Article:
Pyspark Script issue due to limited number of ports

Hello KNIME Support.

The limited number of Pyspark Script ports is causing a major issue for a project we are working on at a client.

There are only 2 ports available at most, and currently we need to export 4 tables through the port due to the ML algorithm within Pyspark Script.

Each table has a constantly changing dataset, so the number of rows and columns and their respective data types are also constantly changing.

I tried to join two tables and use one port, but the number of rows can be 20 million, so I excluded it because it would be an inefficient use of resources.

Also, using code such as write.csv to store data in a specific space is not a behavior that should be done in the current customer environment.

Therefore, we need to export 4 tables only through the port of Pyspark Script, is there any effective way to do it?

We have spent too much time with this issue and still haven’t found a solution. I hope you can help me with this.

Your response will be greatly appreciated.

Hi @JaeHwanChoi,

Do you have some example code? Don’t know a Spark ML algorithm that produces four different data frames. Maybe you can split your code and run it in individual nodes?


Thank you for your response. @sascha.wolke

It doesn’t matter which 4 datasets come from the Spark ML algorithm used.

In other words, in simple terms, you are exporting 4 independent datasets to 2 ports.

As a simple example, you can use Python’s built-in data iris,titanic,mpg,diamonds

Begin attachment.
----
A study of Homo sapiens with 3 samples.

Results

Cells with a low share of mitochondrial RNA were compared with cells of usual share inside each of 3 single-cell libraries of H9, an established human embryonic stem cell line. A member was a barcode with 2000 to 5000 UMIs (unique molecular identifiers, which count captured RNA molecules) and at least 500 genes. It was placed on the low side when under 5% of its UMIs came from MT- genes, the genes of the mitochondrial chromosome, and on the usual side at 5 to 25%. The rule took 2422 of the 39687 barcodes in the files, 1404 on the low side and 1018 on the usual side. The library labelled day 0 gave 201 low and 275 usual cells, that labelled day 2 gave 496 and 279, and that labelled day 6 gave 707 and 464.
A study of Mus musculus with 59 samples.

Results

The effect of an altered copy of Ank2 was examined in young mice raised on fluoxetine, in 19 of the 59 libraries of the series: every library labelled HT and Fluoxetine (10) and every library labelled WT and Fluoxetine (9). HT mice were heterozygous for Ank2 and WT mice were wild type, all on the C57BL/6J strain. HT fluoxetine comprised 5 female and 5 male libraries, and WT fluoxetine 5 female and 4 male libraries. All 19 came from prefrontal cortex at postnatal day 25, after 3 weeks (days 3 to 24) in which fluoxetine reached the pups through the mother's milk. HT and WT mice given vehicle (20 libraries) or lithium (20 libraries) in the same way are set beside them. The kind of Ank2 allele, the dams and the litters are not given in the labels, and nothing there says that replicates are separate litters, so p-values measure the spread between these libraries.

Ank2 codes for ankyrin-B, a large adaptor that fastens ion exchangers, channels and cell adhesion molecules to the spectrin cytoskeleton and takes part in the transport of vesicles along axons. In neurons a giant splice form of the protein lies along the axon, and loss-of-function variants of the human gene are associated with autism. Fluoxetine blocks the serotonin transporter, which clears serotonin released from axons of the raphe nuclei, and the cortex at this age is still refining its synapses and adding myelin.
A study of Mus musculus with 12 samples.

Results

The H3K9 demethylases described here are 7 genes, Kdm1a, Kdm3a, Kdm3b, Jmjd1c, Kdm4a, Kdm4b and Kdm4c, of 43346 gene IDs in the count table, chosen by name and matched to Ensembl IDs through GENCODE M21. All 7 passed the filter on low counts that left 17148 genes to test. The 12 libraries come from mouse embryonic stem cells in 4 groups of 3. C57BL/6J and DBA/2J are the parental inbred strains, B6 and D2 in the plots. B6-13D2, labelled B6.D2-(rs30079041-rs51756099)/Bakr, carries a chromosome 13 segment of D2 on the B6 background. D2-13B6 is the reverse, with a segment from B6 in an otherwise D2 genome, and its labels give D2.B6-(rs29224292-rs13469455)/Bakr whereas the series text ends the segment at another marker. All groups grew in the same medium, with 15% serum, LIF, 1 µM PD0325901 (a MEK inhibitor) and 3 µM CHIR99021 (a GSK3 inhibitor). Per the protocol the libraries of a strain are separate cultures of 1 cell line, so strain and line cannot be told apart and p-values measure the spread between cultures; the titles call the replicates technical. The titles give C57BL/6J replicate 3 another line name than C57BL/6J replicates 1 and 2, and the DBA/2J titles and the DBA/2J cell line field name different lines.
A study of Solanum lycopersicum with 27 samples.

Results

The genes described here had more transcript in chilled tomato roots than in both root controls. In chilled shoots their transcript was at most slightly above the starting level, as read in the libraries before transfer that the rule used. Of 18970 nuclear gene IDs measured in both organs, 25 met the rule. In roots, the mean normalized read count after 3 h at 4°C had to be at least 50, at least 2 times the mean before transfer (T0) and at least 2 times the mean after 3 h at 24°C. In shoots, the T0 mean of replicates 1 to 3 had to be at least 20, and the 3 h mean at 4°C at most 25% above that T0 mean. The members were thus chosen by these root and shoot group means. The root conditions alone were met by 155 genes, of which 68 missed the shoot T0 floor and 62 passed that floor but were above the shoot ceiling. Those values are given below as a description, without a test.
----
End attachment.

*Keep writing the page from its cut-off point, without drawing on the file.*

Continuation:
which is Python’s built-in data, is mixed and exported to two ports.

Unfortunately, the code cannot be split and used as individual nodes.

Hi @JaeHwanChoi,

You can use four different PySpark nodes, and read one dataset per node. Then you have four nodes with one single dataset output each.


Hi @sascha.wolke
Sorry, I didn’t make it clearer.

I used python’s built-in data to illustrate the idea of four independent datasets.

This means that when you run the analysis code inside the Pyspark Script, there are four output tables to pull from. This means that the 4 output tables are all unrelated data, just like each of the Python built-in data in the example above.

You shouldn’t use multiple Pyspark Script nodes because it’s very resource inefficient to use two Pyspark Script nodes to pull two of each, which is one of the few alternatives.

Hi @JaeHwanChoi,

From a Spark perspective, it does not make any difference if you use one or four PySpark snippets. The code gets converted into a Spark internal dependency graph and optimized anyway. You can see this if you connect multiple Spark nodes. The nodes are executed very fast, and only the last node that produces some output, triggers the final execution and takes some time to finish. Spark calls this lazy evaluation.